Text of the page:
The legislative battle over Birmingham's minimum wage ended Thursday.

By Brian Lyman

The legislative battle over Birmingham's minimum wage ended Thursday.

The Alabama Senate gave final approval to a bill to block the Magic City from setting a $10.10 an hour wage floor, capping two weeks of intense debate over wages in Alabama and the proper relationship of state and local government.

Gov. Robert Bentley signed the bill Thursday afternoon, less than an hour after the final vote. ABC 33/40 in Birmingham reported that the city's legal department said the vote "voided" Birmingham's ordinance. In a statement, Birmingham City Council president Johnathan Austin said "the fight has just begun."

"The very people who have refused to expand Medicaid in the state to help the most vulnerable amongst us receive critical medical care, are once again keeping their boots on the necks of people in desperate need of financial relief," the statement said. "People can not pull themselves up by the bootstraps if they can't afford to buy boots."

The Senate approved the measure by a 23-11 vote, mainly on party lines. Eight Democrats voted against the measure, as did Republican Sens. Paul Bussman of Cullman and Bill Holtzclaw of Madison. Independent Harri Anne Smith of Slocomb also voted against the measure.

Nearly every remaining Republican in the chamber voted for the measure. Sen. Tom Whatley, R-Auburn, was listed as not voting.

In the Montgomery delegation, Senate Minority Leader Quinton Ross, D-Montgomery, voted against the bill and Sen. Dick Brewbaker, R-Montgomery voted for it.

The legislation prevents cities and municipalities from setting their own minimum wages, and also imposes limits on the wages and benefits they can negotiate with employers looking to locate in their areas.

Democrats sharply criticized the legislation as interference in city affairs and an attempt to end discussion about proper compensation in Alabama.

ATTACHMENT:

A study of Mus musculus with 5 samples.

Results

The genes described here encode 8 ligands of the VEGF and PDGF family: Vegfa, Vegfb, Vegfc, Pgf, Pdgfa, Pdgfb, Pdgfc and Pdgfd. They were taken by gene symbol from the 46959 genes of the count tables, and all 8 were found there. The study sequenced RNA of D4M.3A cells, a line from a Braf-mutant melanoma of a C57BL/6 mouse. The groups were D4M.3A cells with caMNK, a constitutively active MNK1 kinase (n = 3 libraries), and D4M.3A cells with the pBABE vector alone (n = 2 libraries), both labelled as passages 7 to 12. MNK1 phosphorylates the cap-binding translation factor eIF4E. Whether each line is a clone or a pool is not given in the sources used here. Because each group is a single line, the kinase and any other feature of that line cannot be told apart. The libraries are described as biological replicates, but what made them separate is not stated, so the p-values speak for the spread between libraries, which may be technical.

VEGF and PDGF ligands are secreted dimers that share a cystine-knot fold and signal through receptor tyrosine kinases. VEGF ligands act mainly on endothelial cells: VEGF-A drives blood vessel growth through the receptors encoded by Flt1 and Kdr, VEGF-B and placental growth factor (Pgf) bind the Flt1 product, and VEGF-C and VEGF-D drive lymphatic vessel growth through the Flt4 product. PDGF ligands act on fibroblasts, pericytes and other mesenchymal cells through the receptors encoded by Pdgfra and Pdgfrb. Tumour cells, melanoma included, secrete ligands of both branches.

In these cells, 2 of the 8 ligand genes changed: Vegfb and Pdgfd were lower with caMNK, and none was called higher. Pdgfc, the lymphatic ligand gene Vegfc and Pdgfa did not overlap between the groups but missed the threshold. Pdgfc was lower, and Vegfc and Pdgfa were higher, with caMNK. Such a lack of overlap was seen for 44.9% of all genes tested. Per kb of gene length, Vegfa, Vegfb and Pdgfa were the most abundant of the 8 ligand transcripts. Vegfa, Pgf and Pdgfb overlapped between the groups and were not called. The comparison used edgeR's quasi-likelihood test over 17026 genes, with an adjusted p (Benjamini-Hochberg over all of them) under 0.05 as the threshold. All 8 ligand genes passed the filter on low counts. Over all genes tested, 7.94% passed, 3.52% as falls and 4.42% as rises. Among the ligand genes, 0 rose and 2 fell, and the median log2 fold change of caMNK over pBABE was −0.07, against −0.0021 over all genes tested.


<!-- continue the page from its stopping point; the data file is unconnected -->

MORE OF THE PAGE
"(Republicans) pick and choose," Ross said. "You don't want banks regulated. Big business doesn't want to be regulated, but you want to regulate the discussion of a fair, workable wage."

Republican supporters, in turn, said they wanted to prevent costs from rising on businesses, which they said could lead to job losses.

Sen. Jabo Waggoner, R-Vestavia Hills, who carried the bill in the Senate, said the wage could lead to "worrisome job trends" in Birmingham.

"What a hodgepodge we would have in this state if Birmingham passed a minimum wage and Montgomery passed one," he said.

Sen. Bill Hightower, R-Mobile, said that a higher minimum would pull older workers into the market.

"What happens when we raise minimum wage is we crowd people out of the job market," he said.

Birmingham and the Alabama Legislature tried to match each other stride-for-stride after the city voted last August to establish its own minimum wage, to be phased in over two years. Rep. David Faulkner, R-Mountain Brook, first filed the bill in last September's special session, but it failed to advance to a vote.

The Birmingham City Council began moving to speed up implementation of the minimum wage earlier this month when it appeared Faulkner would bring his legislation back. After the Alabama House approved Faulkner's measure last week, the City Council voted to implement the measure. The ordinance was scheduled to go into effect Sunday.

City council members argue the minimum wage is a way to improve quality of life. Birmingham senators echoed that.

"We're talking about the bare survival of people," said Sen. Rodger Smitherman, D-Birmingham. "And we're talking about a Legislature . . . that says we don't care about y'all."

Coleman-Madison said the working poor needed to keep up with rising costs of living.

"It even costs more to die," she said. "Everything has gone up. Yet we don't feel the working poor deserve a break."

Brewbaker said he was concerned about the bill generally, but that Birmingham's efforts to implement it in a single step made it worse.

"Montgomery would probably follow suit," he said. "I think it would have a negative effect on business and employment."

Updated: An earlier version of this story, reflecting the vote record, said Sen. Linda Coleman-Madison, D-Birmingham, was listed as not voting. Coleman-Madison said her no vote was not heard in the initial tally. The vote record and the story have been updated.

(c)2016 the Montgomery Advertiser (Montgomery, Ala.)

Caroline Cournoyer is GOVERNING's senior web editor.